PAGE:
Sunday choral celebration to raise funds for new Syrian refugee families


Volunteer-run Ballina Region For Refugees (BR4R) played a key role in the local part of the project, supporting the families financially and logistically.

One is a family with young children settled in Brunswick Heads while the other is a mother with adult children living in Ballina.

Both families spent years waiting in the complex international refugee system after fleeing war-torn Syria, including time spent in refugee facilities in Iraq.

BR4R President Marilyn Leeks says the families are embracing life in the rainbow region, despite the environmental and cultural differences.

Refugee support group seeks cars

The 2018 Corolla hybrid being road-tested in Byron years ago. Ballina Region 4 Refugees is fundraising to buy vehicles for two recently settled refugee families from Syria. Photo supplied

Ms Leeks told The Echo on Monday the adult children in Ballina already spoke English well and were preparing to look for work, including getting a drivers’ license.

The younger children in Brunswick Heads were living a typical Australian child’s life, going to local educational and care centres while their parents studied English and also prepared for their driving tests.

Getting a drivers’ license and a vehicle was essential for life on the Northern Rivers, Ms Leeks said.

BR4R was aiming to raise enough money to buy vehicles for the families and was hosting a fundraiser concert on Sunday 4 December from 6-8pm at the Brunswick Heads Memorial Hall.

Voices to soar in support of refugees on Sunday

The day was to be a celebration of choral music, featuring The Big Voice Community Choir, The Songbirds, the Pocket Kids’ Choir from Billinudgel and drummer and singer Cindia Luz in an event organised by BR4R and Janet Swain, well known for her work in community choirs across the region.

All ticket proceeds would go towards the goal of buying vehicles for the two refugee families, with more information available from BR4R.

Support for refugees expands on the Northern Rivers

Ms Leeks was recently voted in as president of the group, taking over from the hardworking Ruth Henderson.

Ms Leeks said she’d been the group’s volunteers coordinator for 15 months.

‘That’s been fantastic,’ she said, ‘like there’s such a good spirit in the organisation, spirit of goodwill’.

‘I’m looking forward to having a different role, working with the committee,’ Ms Leeks said.

The group had increased in numbers to more than sixty members, Ms Leeks said, and about 140 volunteers.

Another refugee support group was working in Uki in the Tweed Shire.

From Medevac to detention, transition and resettlement: the costs of repressive asylum-seeker regimes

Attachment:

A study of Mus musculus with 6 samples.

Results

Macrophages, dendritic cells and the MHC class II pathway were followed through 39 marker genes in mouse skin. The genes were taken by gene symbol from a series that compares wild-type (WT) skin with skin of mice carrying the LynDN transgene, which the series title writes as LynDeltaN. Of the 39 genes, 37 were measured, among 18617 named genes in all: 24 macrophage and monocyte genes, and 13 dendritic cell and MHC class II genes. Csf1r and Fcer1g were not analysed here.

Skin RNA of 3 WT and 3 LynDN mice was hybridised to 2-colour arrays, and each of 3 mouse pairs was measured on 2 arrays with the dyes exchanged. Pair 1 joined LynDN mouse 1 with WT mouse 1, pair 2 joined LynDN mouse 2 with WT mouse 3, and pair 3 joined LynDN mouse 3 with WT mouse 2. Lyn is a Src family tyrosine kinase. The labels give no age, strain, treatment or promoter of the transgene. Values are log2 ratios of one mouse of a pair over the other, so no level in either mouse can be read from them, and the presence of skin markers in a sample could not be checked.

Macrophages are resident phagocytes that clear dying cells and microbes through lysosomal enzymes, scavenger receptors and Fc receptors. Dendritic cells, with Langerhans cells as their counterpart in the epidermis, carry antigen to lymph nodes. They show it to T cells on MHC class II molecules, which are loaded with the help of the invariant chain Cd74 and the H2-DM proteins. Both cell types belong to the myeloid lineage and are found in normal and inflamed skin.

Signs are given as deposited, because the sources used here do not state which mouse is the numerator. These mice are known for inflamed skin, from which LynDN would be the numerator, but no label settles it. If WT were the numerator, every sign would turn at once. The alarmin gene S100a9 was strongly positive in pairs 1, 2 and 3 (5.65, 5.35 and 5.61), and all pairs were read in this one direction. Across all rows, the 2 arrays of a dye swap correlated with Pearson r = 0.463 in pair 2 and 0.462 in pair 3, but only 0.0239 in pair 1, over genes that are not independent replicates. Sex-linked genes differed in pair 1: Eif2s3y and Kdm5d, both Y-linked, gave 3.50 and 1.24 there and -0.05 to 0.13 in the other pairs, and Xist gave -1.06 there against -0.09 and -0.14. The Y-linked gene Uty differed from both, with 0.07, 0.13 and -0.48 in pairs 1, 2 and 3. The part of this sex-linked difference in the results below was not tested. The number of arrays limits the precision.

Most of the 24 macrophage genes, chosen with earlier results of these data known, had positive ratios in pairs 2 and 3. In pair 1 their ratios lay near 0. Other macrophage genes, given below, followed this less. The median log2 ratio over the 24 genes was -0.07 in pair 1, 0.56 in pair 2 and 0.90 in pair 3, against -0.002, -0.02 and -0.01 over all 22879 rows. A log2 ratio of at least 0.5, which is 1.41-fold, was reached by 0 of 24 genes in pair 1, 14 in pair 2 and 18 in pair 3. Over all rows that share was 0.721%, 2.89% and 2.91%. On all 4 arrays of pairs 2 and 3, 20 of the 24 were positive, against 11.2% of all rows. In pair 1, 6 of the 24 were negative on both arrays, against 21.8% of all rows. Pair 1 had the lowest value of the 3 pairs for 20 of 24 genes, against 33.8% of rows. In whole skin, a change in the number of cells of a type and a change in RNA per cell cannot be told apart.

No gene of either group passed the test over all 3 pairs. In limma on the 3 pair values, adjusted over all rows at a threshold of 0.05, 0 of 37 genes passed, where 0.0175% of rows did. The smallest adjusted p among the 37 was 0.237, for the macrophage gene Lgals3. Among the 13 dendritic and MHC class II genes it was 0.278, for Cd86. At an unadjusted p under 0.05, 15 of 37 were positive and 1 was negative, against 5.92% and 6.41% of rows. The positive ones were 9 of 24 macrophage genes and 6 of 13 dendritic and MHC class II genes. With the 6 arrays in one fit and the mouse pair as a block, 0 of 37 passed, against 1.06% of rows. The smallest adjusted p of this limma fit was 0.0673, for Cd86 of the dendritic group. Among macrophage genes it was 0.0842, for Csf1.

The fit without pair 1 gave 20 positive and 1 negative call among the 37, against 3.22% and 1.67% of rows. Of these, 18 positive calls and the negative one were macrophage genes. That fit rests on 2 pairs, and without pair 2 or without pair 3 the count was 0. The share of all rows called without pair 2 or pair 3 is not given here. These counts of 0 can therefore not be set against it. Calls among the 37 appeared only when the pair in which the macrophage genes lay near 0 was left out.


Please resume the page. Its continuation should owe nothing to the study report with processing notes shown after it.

The former detention centre at Manus Island: the United Nations refugee agency said asylum seekers transferred from Australia to processing centres on Manus Island in Papua New Guinea (PNG) were living in conditions that did not meet international standards. Photo UNHCR/flickr.com

Most BR4R activities and events revolved around fundraising, Ms Leeks said, with the purposes of how the funds were spent changing over the years.

‘Up until probably a year ago, we were sending money regularly to the settlement support group in Brisbane that helped a lot of the people who had been medevacked to Australia from offshore detention,’ Ms Leeks said.

‘We were sending money to a group of nuns who are working with the men in Port Moresby, who were shifted off Manus [Island],’ she said, ‘and were sending money to refugee advocates who worked with men in hotel detention in Australia’.

‘The last twelve months we’ve moved into the refugee settlement support program under the national organisation of the community refugee sponsorship program or pilot, and that means that a lot of the money we’re raising now and the grants we’re applying for is being used to settle refugee individuals and families,’ Ms Leeks said.

The group’s president said BR4R volunteers were budgeting $18,000 per year in support for each resettled family after having raised a starting fund of around $80,000.

‘Obviously, it tapers off when people get work,’ Ms Leeks said, ‘and we would negotiate that with the family individually, depending on their individual circumstances’.

Thinking globally, acting locally: refugee support group aids NR disaster survivors

Ballina in flood earlier this year, looking towards North Creek. Photo David Lowe.

The volunteer said the group had also raised money recently for local flood and landslide survivors.

‘Our approach is that there’s no competition,’ Ms Leeks said, ‘really a caring community with the capacity of the far North Coast, we’re able to include a lot of people in caring for them’.

Ms Leeks said BR4R hoped to help settle another three refugee families on the Northern Rivers next year.

‘Which isn’t very much, you know,’ the human rights advocate said, ‘we think that that’s probably a reasonable capacity, the numbers aren’t great’.

Anyone wanting to make a donation to the BR4R outside of the fundraiser event on Sunday could do so via the group’s website.

Anyone wanting to become a member or volunteer could email br4r.org.au.